The altar at St. Clements, image by Cliff Marck.

My eldest is seven. Last night, we were together at the parish hall. The folks at the parish were holding their first class for kids preparing for First Reconciliation. I was sitting at the back with an article that I have been trying to find the time to read.

As an unsupervised herd, seven-year olds can be loud, wild and unpleasant. But the scene last night really melted my heart: in small groups of about five, the children were listening intently to their catechist talk to them about God. I mean, God is objectively super cool, so I guess I shouldn’t have been surprised that the kids were engaged and interested.

When they were done their initial activity, the group filed upstairs to the church and sat around the foot of the altar. The catechists taught each little group about the Holy Water fonts (child: How much can we take? catechist: Lots!), making the Sign of the Cross, genuflecting towards the Tabernacle (where Jesus really is), and not running up the aisles like a crazy fool.

As their lesson began, I settled down and tried to read the article I started about a year ago called The Truth and Meaning of Sexuality: Guidelines for Education within the Family, which tries to provide parents some guidance as they share the truths offered by our faith concerning love and sexuality.

I tried to concentrate on the words on the page but was distracted by the kids raising their hand to try and answer questions. They were pretty excited. I had probably read the same sentence a million times.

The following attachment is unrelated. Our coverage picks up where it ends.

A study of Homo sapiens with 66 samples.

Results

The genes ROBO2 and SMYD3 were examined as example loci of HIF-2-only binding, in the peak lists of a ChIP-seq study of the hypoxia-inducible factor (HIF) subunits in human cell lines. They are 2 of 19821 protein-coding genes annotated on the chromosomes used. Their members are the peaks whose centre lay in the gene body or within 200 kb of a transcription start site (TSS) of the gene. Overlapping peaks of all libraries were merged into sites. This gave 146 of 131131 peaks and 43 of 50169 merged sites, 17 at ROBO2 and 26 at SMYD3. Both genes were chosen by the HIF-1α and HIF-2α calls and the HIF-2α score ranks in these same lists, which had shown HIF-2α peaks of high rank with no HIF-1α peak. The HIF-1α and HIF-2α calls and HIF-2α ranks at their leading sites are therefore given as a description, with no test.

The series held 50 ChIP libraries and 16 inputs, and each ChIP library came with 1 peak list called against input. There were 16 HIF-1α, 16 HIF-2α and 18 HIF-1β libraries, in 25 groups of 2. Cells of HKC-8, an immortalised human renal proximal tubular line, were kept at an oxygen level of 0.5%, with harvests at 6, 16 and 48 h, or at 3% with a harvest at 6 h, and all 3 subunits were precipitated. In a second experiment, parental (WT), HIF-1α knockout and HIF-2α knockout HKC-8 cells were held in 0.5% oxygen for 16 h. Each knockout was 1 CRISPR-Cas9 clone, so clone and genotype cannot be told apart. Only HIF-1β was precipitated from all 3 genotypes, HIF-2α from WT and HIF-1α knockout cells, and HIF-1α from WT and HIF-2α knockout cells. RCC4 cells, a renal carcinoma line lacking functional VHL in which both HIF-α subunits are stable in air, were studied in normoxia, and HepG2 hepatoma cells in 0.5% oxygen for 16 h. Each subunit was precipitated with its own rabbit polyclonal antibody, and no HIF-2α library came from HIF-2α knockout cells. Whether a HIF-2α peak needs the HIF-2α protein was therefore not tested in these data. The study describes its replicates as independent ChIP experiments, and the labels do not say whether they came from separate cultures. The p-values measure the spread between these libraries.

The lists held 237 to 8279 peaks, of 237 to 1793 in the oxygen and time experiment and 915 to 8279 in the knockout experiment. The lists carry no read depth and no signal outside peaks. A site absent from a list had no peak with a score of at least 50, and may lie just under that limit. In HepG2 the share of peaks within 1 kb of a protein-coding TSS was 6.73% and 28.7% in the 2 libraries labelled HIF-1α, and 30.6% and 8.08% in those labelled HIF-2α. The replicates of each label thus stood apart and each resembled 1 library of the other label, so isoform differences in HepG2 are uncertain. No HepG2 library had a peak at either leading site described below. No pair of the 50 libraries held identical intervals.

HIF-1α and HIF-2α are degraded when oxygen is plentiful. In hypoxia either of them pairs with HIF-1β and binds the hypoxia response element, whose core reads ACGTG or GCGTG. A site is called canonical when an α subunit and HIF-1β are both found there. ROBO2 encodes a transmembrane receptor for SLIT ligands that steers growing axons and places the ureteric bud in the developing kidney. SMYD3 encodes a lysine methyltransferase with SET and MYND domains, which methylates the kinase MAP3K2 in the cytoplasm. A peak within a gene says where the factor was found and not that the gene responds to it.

As the image of God, man is created for love.

I was enjoying watching the kids. They were learning about Baptism. I tried to keep reading.

Each person is freed from the tendency to selfishness by the love of others, in the first place by parents or those who take their place and definitively, by God…

At the end of the evening, homework was assigned and I watched a herd of children get picked up by a herd of parents, grandparents or friends. Small gestures of love filled the room: hugs, smiles, pats, kids being helped into coats. How did it go? What did you do? Your own bottle of Holy Water? Cool!

Did they know, these big people, parents, relatives, friends, catechists, that these kids soak up their small gestures? Soak them up and, in turn, learn how to love? Learn how to give of themselves to others, slowly, slowly by soaking up the generosity and love they receive? Did they know that the kids were soaking up their gentleness, their enthusiasm, their sacrifice of their time? Maybe they do, maybe they don’t. But God does. As the image of God, man is created for love. God loves us and God knows what we need. And He’s on top of it.